In case you’re wondering, and, despite the lead image above being a collection of scrap cars, it’s nothing to do with the Ace Car Breakers scrap yard. This is “Cadillac Ranch”, an art installation located in Amarillo, Texas, USA. It’s fair to say that we don’t see many American-built cars coming through our gates; especially vintage Cadillacs. Nevertheless, this eye-catch lineup of ten old ‘Caddys’ epitomises how scrap cars of any genre can actually be quite an attractive sight in the right setting 🙂
Who, why and when?
The ‘Ranch’ was originally put together back in 1974 by three guys (Chip Lord, Hudson Marquez and Doug Michels) who were a part of the art group that called themselves Ant Farm.
As you can see, the ten Cadillacs are buried nose-first in the ground and were manufactured between 1949 and 1963. The art installation commemorates the different models through that era, with a particular note on the evolution of their trademark tailfins.
Because both Chip and Doug were architects with an artistic slant (Hudson was actually an art student at the time), Ant Farm was founded as a means to get the attention of the somewhat corporate architectural community by showcasing alternative ways of combining art and architecture in a more imaginative way.
According to Hudson, “Chip and I were living in the mountains north of San Francisco, and there was a book meant for kids left in a bar near where we lived. It was called ‘The Look of Cars,’ and there was something on the rise and fall of the tail fin. I didn’t have a lot to do, so I just sorta drew it up. I’ve always loved the Cadillacs.”
Since buying ten Cadillacs and then finding somewhere to bury them wasn’t a viable option for the group, they decided to look for someone to fund the off-the-wall project. It’s claimed that they were given a list of eccentric millionaires to approach and eventually came across Stanley Marsh the 3rd, an American artist, businessman, philanthropist, and prankster from Amarillo, Texas.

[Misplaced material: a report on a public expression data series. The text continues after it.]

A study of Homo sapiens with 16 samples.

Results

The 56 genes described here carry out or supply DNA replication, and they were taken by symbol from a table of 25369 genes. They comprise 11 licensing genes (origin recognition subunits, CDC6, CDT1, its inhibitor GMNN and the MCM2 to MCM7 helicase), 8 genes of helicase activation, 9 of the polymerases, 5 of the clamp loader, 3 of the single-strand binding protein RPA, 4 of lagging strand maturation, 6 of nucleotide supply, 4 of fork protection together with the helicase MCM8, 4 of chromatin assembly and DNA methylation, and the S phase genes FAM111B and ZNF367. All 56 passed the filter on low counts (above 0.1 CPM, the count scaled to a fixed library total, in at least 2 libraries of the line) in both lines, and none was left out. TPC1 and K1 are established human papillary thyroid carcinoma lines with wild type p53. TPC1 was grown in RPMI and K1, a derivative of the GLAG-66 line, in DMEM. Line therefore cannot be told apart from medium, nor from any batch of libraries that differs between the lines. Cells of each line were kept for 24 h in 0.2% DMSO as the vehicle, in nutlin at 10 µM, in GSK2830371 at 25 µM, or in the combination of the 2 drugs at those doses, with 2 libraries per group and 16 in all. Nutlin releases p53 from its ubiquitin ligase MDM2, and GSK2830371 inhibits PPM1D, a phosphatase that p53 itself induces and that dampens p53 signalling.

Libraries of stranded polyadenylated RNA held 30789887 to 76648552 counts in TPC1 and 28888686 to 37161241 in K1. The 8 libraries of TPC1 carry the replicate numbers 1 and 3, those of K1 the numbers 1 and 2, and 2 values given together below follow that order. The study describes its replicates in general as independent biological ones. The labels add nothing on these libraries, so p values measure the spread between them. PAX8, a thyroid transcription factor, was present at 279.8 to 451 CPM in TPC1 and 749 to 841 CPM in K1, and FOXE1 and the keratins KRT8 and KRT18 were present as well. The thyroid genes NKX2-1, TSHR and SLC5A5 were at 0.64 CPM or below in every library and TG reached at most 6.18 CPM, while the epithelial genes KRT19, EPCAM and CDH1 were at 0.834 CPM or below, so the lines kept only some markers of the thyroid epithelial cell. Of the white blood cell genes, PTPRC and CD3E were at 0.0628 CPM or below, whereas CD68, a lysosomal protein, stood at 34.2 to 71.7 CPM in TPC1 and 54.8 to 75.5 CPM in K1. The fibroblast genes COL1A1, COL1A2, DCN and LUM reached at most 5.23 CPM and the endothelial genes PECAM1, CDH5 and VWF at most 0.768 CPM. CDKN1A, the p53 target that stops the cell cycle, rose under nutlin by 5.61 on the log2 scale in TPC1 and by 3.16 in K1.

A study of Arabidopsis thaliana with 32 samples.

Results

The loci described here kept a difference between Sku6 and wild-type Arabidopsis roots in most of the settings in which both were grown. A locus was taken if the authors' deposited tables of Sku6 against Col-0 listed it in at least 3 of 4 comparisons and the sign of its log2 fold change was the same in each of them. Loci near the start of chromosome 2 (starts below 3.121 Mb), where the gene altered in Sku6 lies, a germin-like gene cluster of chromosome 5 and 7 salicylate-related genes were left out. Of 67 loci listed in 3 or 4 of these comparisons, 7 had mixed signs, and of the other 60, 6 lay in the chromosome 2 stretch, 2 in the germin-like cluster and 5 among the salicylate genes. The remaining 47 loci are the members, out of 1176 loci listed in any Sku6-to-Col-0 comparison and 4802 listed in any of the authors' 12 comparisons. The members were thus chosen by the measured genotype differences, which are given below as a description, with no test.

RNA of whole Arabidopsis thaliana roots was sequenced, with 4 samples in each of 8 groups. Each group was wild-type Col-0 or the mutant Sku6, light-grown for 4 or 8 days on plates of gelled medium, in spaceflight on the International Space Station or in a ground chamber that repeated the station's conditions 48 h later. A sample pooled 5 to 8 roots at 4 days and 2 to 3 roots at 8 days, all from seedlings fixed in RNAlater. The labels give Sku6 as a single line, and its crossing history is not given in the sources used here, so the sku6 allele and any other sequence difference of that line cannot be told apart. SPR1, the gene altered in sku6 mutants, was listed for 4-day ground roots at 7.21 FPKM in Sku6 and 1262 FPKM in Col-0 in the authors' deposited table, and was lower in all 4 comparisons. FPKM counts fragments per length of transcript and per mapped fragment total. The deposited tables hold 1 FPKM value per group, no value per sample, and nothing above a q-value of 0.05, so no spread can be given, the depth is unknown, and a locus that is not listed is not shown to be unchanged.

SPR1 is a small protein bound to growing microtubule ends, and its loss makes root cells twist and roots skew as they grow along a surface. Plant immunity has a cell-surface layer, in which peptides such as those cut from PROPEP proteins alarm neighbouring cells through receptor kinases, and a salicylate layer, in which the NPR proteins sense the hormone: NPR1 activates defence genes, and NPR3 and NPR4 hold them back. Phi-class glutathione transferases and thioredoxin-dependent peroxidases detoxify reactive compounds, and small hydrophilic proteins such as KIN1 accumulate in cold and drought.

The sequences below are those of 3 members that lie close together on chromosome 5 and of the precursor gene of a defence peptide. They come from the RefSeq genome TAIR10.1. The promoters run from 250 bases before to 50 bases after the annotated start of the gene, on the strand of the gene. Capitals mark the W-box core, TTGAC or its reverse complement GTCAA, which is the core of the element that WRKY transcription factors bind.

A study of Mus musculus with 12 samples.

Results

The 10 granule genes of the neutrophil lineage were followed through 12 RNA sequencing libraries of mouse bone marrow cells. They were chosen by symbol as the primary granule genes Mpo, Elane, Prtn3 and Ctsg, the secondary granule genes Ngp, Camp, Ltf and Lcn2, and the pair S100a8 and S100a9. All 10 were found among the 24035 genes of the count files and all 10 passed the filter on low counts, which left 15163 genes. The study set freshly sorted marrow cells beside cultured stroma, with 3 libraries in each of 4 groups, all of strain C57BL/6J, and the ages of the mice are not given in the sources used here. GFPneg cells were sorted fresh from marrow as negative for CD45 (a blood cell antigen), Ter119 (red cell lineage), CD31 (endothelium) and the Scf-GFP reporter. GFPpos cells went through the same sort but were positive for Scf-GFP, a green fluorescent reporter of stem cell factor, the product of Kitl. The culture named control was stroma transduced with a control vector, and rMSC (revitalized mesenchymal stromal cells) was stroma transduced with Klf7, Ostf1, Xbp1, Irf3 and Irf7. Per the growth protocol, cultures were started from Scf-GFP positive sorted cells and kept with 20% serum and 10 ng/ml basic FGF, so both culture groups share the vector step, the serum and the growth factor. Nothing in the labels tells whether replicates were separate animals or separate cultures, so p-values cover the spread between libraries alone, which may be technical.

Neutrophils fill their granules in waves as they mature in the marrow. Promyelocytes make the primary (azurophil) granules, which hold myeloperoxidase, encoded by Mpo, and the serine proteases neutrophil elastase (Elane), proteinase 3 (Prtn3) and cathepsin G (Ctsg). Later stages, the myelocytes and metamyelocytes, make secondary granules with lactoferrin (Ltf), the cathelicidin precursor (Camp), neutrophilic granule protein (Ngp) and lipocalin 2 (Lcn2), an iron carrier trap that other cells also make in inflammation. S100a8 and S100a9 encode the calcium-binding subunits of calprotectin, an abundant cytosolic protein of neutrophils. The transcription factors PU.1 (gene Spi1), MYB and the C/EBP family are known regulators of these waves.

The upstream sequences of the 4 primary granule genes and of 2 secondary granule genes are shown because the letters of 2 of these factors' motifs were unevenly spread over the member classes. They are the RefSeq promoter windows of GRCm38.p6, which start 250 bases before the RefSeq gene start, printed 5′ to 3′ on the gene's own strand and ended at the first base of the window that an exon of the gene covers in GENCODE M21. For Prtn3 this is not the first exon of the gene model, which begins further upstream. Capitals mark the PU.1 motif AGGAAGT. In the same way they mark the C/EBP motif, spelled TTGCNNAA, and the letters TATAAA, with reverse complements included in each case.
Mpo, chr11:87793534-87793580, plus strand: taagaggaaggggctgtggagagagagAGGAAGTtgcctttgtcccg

After some deliberation, Marsh agreed to fund the Cadillac project and the cars were subsequently installed in a wheat field on land that Marsh owned. However, in 1997, all ten vehicles were moved by a local contractor a couple of miles to the west in a cow pasture. Shortly before Marsh’s death in 2014, ownership was transferred to a trust which (presumably) is still responsible for the site
Cadillac Ranch is visible from a nearby highway and although it’s on private land, tourists and sightseers are free to get up close and personal by simply walking through an intentionally unlocked gate to see the cars in more detail.
Is the graffiti original?
No, and perhaps more surprisingly, spraying graffiti or painting the Cadillacs is actually encouraged for those who want to contribute their own style to the artwork. hence the intricate and colourful designs you see in the pictures.
Nevertheless, the cars are occasionally repainted in various colours, usually for a specific reason or to mark a particular event. For example, they were once painted pink to commemorate Marsh’s wife’s birthday and black to mark the passing of Ant Farm artist Doug Michels.
As you’d expect, this iconic landmark is no stranger to the entertainment world so here are a few notable references:
- “Cadillac Ranch” is the name of a Bruce Springsteen song on his 1980 album The River.
- The music video for the 1985 song “Living in America” by James Brown features imagery of the Cadillac Ranch.
- The 1996 film Cadillac Ranch gets its title from the art installation
- Pixar’s well-known film “Cars” depicts the Caddys as a mountain formation and the Ant Farm crew are acknowledged in the film’s credits.
- In the cartoon “King of the Hill”, the episode titled “Hank Gets Dusted”, shows Hank having his father’s Cadillac pushed front first into a hole along with other Caddys to mimic Cadillac Ranch.
- In August 2020, famous singer Rihanna took an artistic selfie at Cadillac Ranch.